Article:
To’mas and Zap sat on the roof of the dormitory building, their backs pressed against the smooth industrial plastic of the building’s Communications Multitower. The crisp, clean ocean air swept by in a gentle breeze, gently tugging on the tops of distant foliage. The moon, nearly full, cast a bright light onto the island, nearly overcoming the floodlights surrounding the facility.
The boys were still wearing their party clothes, and To’mas had brought one of the red plastic tumblers with him, filled to the brim with an unhealthy-looking University-strength drink. After a minute or two of watching the moon, Zap sighed and reached into his shirt pocket, pulling a pack of rose cigarettes from it.
“Thanks for taking me up here,” Zap said, flipping open the pack and withdrawing a cigarette.
“No problem,” To’mas said. “You looked pretty unhappy when I ran into you. I was going to refresh my roommate’s conditioning, but a guy’s got to have priorities.”
“Well, I appreciate it,” Zap said as he stuck the cigarette in his mouth. He traced a pattern in front of it with his finger. “Zenthi amaerys feu.” A pentacle glowed in midair, and Zap moved the tip of the cigarette into the pentacle and drew in a breath.
“What was going on?” To’mas asked.
Zap pulled away from the cigarette and finished inhaling. The pentacle faded from the air. A thin wisp of smoke hung in front of Zap, and he dispersed it by exhaling. “Nothing,” he finally said, turning to look at To’mas.
To’mas looked back for a few moments, then settled back against the wall and looked at the moon. “Lemme tell you a story, Zap,” he said.
Zap looked at him quizzically. To’mas took a drink from the cup and winced slightly at the strength.
“Once,” To’mas began, “there were a man and a woman who loved each other very much. And they were both magic users, right? They were invokers, to be exact.”
“Okay,” Zap said.
“Now it bears mentioning that each one had something they really loved. The guy had this seriously sweet gaming shell that he used to play all of the latest games. It had OMF capability, it could do holos, he was on an upgrade program. It was just a really awesome machine. And it just so happened that Eternal Light Productions was about to put out this really guardian new component that’d run your shit twice as good as whatever rig you mighta had before, but it was really expensive; we’re talking crash-your-bank-server expensive. Almost as pricey as the shell itself.”
“Now the woman had this effin’ beautiful motorcycle. It was really awesome, very fast, very sleek. It would turn heads. It was quiet and well-designed and was ready for all of the upgrades. In fact, there was this one generator upgrade that the woman had been considering saving up for, but it was such a huge deal that it cost almost as much as the motorcycle.”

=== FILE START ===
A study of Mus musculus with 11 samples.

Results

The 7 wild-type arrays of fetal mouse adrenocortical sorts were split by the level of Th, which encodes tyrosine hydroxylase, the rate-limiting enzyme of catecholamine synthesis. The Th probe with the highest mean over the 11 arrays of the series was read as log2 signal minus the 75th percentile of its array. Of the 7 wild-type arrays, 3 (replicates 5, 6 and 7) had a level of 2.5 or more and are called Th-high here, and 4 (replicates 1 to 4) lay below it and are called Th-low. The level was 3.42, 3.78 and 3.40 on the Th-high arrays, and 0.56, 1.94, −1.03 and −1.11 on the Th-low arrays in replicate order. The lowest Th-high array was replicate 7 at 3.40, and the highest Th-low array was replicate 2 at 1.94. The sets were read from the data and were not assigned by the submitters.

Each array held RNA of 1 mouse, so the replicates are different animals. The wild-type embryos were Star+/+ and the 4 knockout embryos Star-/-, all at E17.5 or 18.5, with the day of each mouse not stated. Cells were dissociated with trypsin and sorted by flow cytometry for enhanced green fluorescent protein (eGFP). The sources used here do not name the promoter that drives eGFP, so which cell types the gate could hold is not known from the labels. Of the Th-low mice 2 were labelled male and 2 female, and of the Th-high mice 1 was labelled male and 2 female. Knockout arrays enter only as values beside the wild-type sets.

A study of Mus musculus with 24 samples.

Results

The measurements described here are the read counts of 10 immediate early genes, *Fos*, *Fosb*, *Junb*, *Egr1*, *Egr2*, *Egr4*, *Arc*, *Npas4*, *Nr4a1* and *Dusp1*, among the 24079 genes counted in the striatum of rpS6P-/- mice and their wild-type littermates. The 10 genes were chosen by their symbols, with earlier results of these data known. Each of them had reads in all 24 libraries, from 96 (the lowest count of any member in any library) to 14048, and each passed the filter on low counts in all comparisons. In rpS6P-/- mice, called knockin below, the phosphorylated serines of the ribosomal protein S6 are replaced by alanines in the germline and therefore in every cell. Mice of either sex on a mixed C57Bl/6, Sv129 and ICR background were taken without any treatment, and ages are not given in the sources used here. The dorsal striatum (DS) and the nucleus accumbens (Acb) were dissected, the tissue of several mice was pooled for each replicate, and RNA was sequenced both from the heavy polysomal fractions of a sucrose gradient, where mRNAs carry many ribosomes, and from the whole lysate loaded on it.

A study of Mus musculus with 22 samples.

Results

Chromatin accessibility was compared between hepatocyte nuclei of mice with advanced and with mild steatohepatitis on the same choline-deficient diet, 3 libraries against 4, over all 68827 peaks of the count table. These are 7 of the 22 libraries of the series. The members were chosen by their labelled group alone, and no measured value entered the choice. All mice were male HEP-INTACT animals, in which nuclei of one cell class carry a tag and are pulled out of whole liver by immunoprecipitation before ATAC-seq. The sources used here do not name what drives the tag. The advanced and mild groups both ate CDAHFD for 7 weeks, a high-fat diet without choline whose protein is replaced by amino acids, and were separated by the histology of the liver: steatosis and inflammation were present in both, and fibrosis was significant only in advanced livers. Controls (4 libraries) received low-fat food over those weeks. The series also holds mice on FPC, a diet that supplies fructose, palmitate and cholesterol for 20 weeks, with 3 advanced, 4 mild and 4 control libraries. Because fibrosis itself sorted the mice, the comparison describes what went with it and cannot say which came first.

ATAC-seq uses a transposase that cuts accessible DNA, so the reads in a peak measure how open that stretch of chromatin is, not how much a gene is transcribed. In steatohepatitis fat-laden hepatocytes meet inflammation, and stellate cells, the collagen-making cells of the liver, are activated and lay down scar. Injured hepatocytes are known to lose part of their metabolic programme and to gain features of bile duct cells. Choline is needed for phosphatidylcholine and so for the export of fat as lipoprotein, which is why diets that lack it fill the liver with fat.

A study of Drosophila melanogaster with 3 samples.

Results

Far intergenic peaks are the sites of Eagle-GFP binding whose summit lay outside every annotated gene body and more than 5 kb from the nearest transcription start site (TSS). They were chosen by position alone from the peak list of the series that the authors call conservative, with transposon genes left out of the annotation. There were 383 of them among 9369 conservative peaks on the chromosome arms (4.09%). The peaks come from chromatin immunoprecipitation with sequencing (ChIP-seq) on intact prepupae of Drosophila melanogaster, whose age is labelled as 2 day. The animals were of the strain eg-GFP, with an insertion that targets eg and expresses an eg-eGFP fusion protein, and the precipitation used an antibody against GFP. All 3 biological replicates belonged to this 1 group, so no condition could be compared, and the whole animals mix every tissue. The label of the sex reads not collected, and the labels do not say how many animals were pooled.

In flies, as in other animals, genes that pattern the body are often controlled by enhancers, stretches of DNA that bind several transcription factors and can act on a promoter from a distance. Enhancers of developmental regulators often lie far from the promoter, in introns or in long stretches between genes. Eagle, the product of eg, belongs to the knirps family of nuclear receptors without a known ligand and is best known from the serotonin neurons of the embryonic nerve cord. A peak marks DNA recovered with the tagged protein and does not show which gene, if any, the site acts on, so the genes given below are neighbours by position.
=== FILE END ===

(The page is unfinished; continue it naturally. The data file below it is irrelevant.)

Zap knitted his brow, the cigarette hanging from the edge of his mouth.
“So Yule comes along. The guy thinks, ‘I care for my beloved so much, there is nothing I wouldn’t give up for her. I want to get her something that will really show her how much I care.’ So he goes to the upgrade shop to get her bike spec’d for the upgrade. The guy there looks at it and says, ‘It’s gonna cost you 5,000 creds.’ Naturally the guy is stricken; he can’t afford that kind of thing. But he really wants to get this generator upgrade for his beloved. He sits and thinks about how happy her face will be toolin’ around on that thing.”
To’mas took another drink. “So you know what he does?” he resumed the story. “He goes and sells the upgrades from his shell. He sells the holo unit, he sells the OMF compatibility card, he sells the realism hardware. He gets enough money to buy this generator upgrade for his girl and he buys it. They’re like ‘no refunds, dood,’ but he doesn’t care. He’s so happy to have gotten this thing for his beloved. He takes the upgrade home and prepares it for Yule.”
“I think I see where this is going,” Zap said.
“Shuddup for a second,” To’mas said. “If you’re going to let me get this far, you’ve got to let me tell the end. So Yule happens, and he and his beloved exchange gifts. And she opens the present and looks not happy, but dismayed. Her love is stricken; he can’t understand. He says, ‘I thought you would love this gift! It’s what you wanted more than anything else!’”
Mimicking the couple, To’mas spoke passionately to the sky. “And she turns to him and says, ‘My love, of course! I truly wanted this more than anything else. But I sold my bike in order to get you the latest mod for your gaming shell.’ And he looks at her and says, ‘Oh … I can no longer use that mod, having sold all of the upgrades that would make it work.’”
To’mas picked up his cup and drank from it, finishing the beverage.
“So?” Zap said.
“So what?” To’mas asked.
“Oh, I dunno,” To’mas replied. “Presumably they eventually got enough money to buy their shit back, and they learned not to sell possessions to get gifts for each other or something.”
Zap shook his head. “And … why were they invocation mages, anyway? What’d that have to do with anything?”
To’mas shrugged. “It’s the title of the story. Gift of the Mages.”
Zap stared, the ash on his cigarette growing long. “Why did you tell me that story?” he asked, incredulous. “I mean, what did that do for me just now?”
To’mas smiled slightly at him. “It passed the time.”